Monday, August 19, 2019


by Rob DiCristino
In which Cate Blanchett is lost and found.

Richard Linklater’s latest film is one of his glossier efforts, a well-staged family comedy with a Sundance edge. Based on the 2012 novel by Maria Semple, Where’d You Go, Bernadette stars Cate Blanchett as Bernadette Fox, an architecture prodigy-turned-Seattle homemaker whose prickly demeanor and chaotic agoraphobia have alienated her from other neighborhood moms (namely Kristen Wiig as PTA booster Audrey) and created tension with her tech genius husband, Elgie (Billy Crudup). The temperamental Bernadette’s closest ally is her daughter, Bee (Emma Nelson, spectacular in her first major film role). Bee’s a good egg — smart, intuitive, and sympathetic to her mother’s eccentricities. As Bernadette bounces restlessly between prescription medications and drifts further and further from reality, Bee resolves to help her mother find new purpose in her future by confronting the greatest failures of her past.
That’s one angle on it, anyway. Another casts Where’d You Go, Bernadette as the desperate Elgie’s last-ditch effort to stop his wife’s mental decay before she does permanent damage to herself and those she loves. Far from the innovative genius of her twenties, Bernadette has allowed her considerable intellect to erode into cynicism and spitefulness. Elgie works long hours, sure, but Bernadette’s behavior feels like more than just attention seeking. He hardly recognizes the woman he finds passed out in a pharmacy (where she sought Haldol to deal with motion sickness) and who inadvertently gave her personal information to Russian crime bosses because she’d rather talk to a computer than interact with a person. With nowhere else to turn, Elgie employs the help of psychiatrist Dr. Kurtz (Judy Greer, wasted as always) to host an intervention that will heal his fractured family and bring solace to the woman whose epic visions once led him to dub her “Saint Bernadette.”

No matter how you spin it, Where’d You Go, Bernadette is Cate Blanchett’s show. Linklater gives his star all the room she needs to make sense of Bernadette’s compulsions, to let us see the interior logic in what others see as madness. A large part of Blanchett’s dialogue is with the voice dictation on her iPhone — emailing Amazon orders and day-to-day frustrations to her virtual assistant — which allows her the comfort of isolation and contrasts nicely with Elgie’s development of Samantha 2, a super-computer in patch form that can literally read minds. The irony being, of course, that he can’t read that of his own wife. Crudup plays the Well-Meaning But Obtuse Husband part well; his variety of pouty faces are world-class. Blanchett is in irascible Blue Jasmine mode, for the most part, but her revealing conversation with an old architecture colleague (Laurence Fishburne) and her stolen moments of joy with Bee (a duet to Cyndi Lauper’s “Time After Time” stands out) betray significant cracks in her emotional walls.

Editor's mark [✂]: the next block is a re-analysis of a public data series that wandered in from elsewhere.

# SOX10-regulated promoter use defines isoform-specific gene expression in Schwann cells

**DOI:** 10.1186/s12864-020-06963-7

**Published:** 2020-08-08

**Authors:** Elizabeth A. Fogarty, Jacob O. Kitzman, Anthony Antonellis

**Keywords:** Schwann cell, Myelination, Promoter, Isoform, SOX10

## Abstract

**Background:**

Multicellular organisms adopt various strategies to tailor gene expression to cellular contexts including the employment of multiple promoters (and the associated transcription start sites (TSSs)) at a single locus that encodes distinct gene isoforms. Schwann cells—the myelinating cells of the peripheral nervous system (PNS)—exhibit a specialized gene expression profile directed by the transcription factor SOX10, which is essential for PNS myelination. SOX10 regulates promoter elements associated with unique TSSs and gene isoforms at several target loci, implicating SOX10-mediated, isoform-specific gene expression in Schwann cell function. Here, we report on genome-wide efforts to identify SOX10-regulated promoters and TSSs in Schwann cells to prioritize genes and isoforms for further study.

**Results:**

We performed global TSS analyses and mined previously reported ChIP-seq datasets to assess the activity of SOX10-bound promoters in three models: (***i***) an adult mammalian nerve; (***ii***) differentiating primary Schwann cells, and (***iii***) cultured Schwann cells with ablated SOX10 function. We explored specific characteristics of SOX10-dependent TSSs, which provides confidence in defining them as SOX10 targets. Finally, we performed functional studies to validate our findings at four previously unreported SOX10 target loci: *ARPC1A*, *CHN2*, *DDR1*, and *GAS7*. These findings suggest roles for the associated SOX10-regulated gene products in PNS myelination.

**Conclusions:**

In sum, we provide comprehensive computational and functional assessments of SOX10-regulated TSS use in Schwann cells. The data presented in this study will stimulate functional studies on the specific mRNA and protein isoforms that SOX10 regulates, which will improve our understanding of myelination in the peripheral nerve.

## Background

Even would-be stereotypes like Audrey get a bit of texture. Her arrogance and lust for the perfect neighborhood (and constant frustration with Bernadette’s inability to conform) stem from a deep insecurity about her own capabilities as a mother. She’s a lot like Bernadette, in reality — a creative force with nowhere to aim her efforts. That’s where Where’d You Go, Bernadette really sings: confronting the destructive power of an unfocused artistic temperament. Bernadette’s depression, anxiety, and self-loathing are real, tangible forces that create rifts between her and the world around her. That’s undeniable. But the more important rifts are interior; they’re between unbridled genius and a mind trying to keep it in check through banality and routine. That’s why Bernadette heads south — very south — somewhere so far outside the box that she has the space to roam without restriction. Where’d You Go, Bernadette is less interested in exploring Bernadette’s actual mental illness than might be expected in 2019, but its treatment plan is far from reductive. She simply needs to get lost so that she can find herself again.
There are structural issues to address and nits to pick here and there (the search for Bernadette that makes up most of the third act is less interesting than what comes before), but there are clean thematic through lines that keep the film entertaining and focused on its larger goals. It’s heartening to see Elgie admit the limitations of his Microsoft swagger in the face of Bernadette’s dysfunction without blaming her or diminishing her stature. Bee’s unending defense of her mother’s integrity is rooted in her study of science and nature rather than naive, juvenile emotion. She talks in terms of weather patterns, of mating rituals. The natural ebb and flow of our global ecosystems. To her, Bernadette’s quirks aren’t aberrations. They’re a natural byproduct of knowledge and passion trying to work in harmony. They’re necessary adjustments and recalibrations. They’re a search for balance. Where’d You Go, Bernadette may not have the answers to life’s great questions, but it certainly celebrates those willing to ask them.

1 comment:

  1. Nice to see some love for this film, as many of the other reviews I've seen were negative. I'm a sucker for Linklater & Blanchett, so your review gives me hope that I will enjoy this movie.